Responsibilities of a Bail Bond Co-Signer

Responsibilities of a Bail Bond Co-Signer

If you are securing a bail bond for another individual through a bail company, you are considered the co-signer. When you become a co-signer, the defendant will be released from jail and you essentially promise that you will make sure he/she appears in all court hearings.

For guaranteeing the bond and helping the defendant get released from custody, the bail bond company will receive a percentage—averaging about 10 percent of the total amount. This fee is paid in cash and not returned to the co-signer.

In many cases, co-signing involves pledging tangible assets, such as cash, homes, vehicles, and other valuable items to ensure that the bail bondsman will receive the funds back that he/she has pledged to the court (in the form of a surety bond). If the defendant fails to appear, the bond company will attempt to collect from him/her first before holding a co-signer responsible for repayment or surrendering the property that was pledged as collateral.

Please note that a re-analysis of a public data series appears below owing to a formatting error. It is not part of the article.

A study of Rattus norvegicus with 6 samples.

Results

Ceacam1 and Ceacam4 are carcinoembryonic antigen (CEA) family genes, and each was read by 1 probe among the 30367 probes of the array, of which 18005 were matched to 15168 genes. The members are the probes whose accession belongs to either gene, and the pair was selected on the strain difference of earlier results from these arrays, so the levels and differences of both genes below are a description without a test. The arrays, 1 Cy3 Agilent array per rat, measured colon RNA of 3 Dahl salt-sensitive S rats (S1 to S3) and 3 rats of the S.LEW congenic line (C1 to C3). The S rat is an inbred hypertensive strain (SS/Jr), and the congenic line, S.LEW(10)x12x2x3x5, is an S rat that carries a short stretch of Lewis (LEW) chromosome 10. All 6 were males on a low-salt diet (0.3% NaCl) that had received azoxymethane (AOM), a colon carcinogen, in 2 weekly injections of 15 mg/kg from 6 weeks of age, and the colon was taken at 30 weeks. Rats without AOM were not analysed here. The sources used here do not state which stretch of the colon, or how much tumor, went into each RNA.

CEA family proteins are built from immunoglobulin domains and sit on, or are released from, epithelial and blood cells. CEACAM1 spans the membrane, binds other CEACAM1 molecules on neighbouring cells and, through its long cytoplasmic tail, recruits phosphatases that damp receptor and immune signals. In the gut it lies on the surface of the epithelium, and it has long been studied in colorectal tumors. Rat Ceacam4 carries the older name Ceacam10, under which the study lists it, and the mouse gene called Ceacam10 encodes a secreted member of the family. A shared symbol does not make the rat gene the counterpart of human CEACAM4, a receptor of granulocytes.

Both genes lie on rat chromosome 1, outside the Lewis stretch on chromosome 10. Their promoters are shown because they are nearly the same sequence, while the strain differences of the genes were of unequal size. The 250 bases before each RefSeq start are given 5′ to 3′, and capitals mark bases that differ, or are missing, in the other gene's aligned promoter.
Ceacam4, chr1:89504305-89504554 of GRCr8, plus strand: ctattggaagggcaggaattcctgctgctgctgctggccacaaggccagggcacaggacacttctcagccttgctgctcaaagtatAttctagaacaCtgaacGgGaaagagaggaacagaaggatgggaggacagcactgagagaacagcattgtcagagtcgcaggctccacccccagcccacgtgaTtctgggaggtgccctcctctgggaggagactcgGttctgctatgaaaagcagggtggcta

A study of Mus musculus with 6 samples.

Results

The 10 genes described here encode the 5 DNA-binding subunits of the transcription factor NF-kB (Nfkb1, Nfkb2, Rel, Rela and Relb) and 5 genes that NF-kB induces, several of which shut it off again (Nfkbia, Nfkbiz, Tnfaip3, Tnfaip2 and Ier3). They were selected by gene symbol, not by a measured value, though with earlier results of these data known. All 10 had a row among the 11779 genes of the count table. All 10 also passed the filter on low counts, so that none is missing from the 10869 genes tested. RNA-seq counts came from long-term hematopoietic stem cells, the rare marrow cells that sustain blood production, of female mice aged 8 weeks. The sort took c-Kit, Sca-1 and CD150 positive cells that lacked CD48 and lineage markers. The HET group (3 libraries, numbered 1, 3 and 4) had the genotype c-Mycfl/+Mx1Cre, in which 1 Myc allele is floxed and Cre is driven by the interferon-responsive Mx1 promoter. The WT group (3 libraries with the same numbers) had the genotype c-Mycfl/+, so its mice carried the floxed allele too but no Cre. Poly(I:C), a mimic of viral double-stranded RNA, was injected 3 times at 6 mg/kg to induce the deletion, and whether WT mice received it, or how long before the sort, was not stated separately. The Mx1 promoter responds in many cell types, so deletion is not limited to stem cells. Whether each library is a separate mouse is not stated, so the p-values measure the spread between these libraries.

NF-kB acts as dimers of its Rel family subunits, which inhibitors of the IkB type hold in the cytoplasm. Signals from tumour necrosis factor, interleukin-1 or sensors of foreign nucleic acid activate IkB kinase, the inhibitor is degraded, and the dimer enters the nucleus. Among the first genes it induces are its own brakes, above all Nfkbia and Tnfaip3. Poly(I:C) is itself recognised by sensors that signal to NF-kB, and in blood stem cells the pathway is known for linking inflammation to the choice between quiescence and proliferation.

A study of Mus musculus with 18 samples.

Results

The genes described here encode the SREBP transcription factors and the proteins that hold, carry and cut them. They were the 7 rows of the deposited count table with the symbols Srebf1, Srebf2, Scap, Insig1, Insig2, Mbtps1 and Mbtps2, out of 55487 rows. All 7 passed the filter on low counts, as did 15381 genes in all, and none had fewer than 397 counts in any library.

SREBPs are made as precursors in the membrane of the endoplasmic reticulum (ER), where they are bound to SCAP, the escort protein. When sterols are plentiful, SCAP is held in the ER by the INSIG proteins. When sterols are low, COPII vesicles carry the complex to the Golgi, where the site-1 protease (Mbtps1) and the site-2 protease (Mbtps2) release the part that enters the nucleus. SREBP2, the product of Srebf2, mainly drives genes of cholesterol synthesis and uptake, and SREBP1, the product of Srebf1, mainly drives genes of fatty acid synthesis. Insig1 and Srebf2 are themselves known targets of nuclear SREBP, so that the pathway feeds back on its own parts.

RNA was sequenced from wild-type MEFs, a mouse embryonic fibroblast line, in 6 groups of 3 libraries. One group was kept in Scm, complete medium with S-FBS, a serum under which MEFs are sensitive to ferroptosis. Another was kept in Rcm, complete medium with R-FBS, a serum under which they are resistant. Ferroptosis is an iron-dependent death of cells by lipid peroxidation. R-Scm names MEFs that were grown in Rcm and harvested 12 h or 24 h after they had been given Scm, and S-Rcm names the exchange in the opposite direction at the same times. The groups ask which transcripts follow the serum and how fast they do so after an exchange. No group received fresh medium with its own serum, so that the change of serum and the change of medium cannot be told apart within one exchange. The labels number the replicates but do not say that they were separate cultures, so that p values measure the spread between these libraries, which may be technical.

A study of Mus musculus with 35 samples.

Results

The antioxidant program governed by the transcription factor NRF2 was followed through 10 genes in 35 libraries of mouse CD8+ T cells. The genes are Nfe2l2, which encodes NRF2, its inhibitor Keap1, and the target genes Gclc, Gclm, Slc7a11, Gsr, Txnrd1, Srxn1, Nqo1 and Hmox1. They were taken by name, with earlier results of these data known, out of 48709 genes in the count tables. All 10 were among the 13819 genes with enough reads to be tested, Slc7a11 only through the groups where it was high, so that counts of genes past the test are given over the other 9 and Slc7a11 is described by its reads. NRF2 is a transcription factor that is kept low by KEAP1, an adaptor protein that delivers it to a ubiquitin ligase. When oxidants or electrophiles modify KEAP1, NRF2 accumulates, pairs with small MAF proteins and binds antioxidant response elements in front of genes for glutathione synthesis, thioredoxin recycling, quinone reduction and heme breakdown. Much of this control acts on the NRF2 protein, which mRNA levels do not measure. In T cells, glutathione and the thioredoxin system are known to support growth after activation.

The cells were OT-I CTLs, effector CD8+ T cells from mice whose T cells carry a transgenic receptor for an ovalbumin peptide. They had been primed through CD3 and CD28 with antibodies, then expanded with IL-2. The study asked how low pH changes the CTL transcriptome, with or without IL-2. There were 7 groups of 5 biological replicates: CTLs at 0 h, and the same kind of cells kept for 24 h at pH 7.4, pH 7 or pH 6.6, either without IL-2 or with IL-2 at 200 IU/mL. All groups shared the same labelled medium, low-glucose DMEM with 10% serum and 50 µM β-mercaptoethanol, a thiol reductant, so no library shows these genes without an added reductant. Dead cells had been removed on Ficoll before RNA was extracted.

Keep in mind, co-signers have certain rights. For instance, if a co-signer believes that the defendant will not make a court hearing, he/she can contact the bondsman and withdraw the bond. Then, the bondsman will have the defendant arrested and returned to jail.

In order to co-sign a bail bond, you must be a U.S. citizen, live in the same area as the defendant, employed, and have acceptable credit.

If you are interested in helping your family member or friend post bail in Columbus, OH, contact Andy Callif Bail Bonds at (614) 945-4334 today for more information.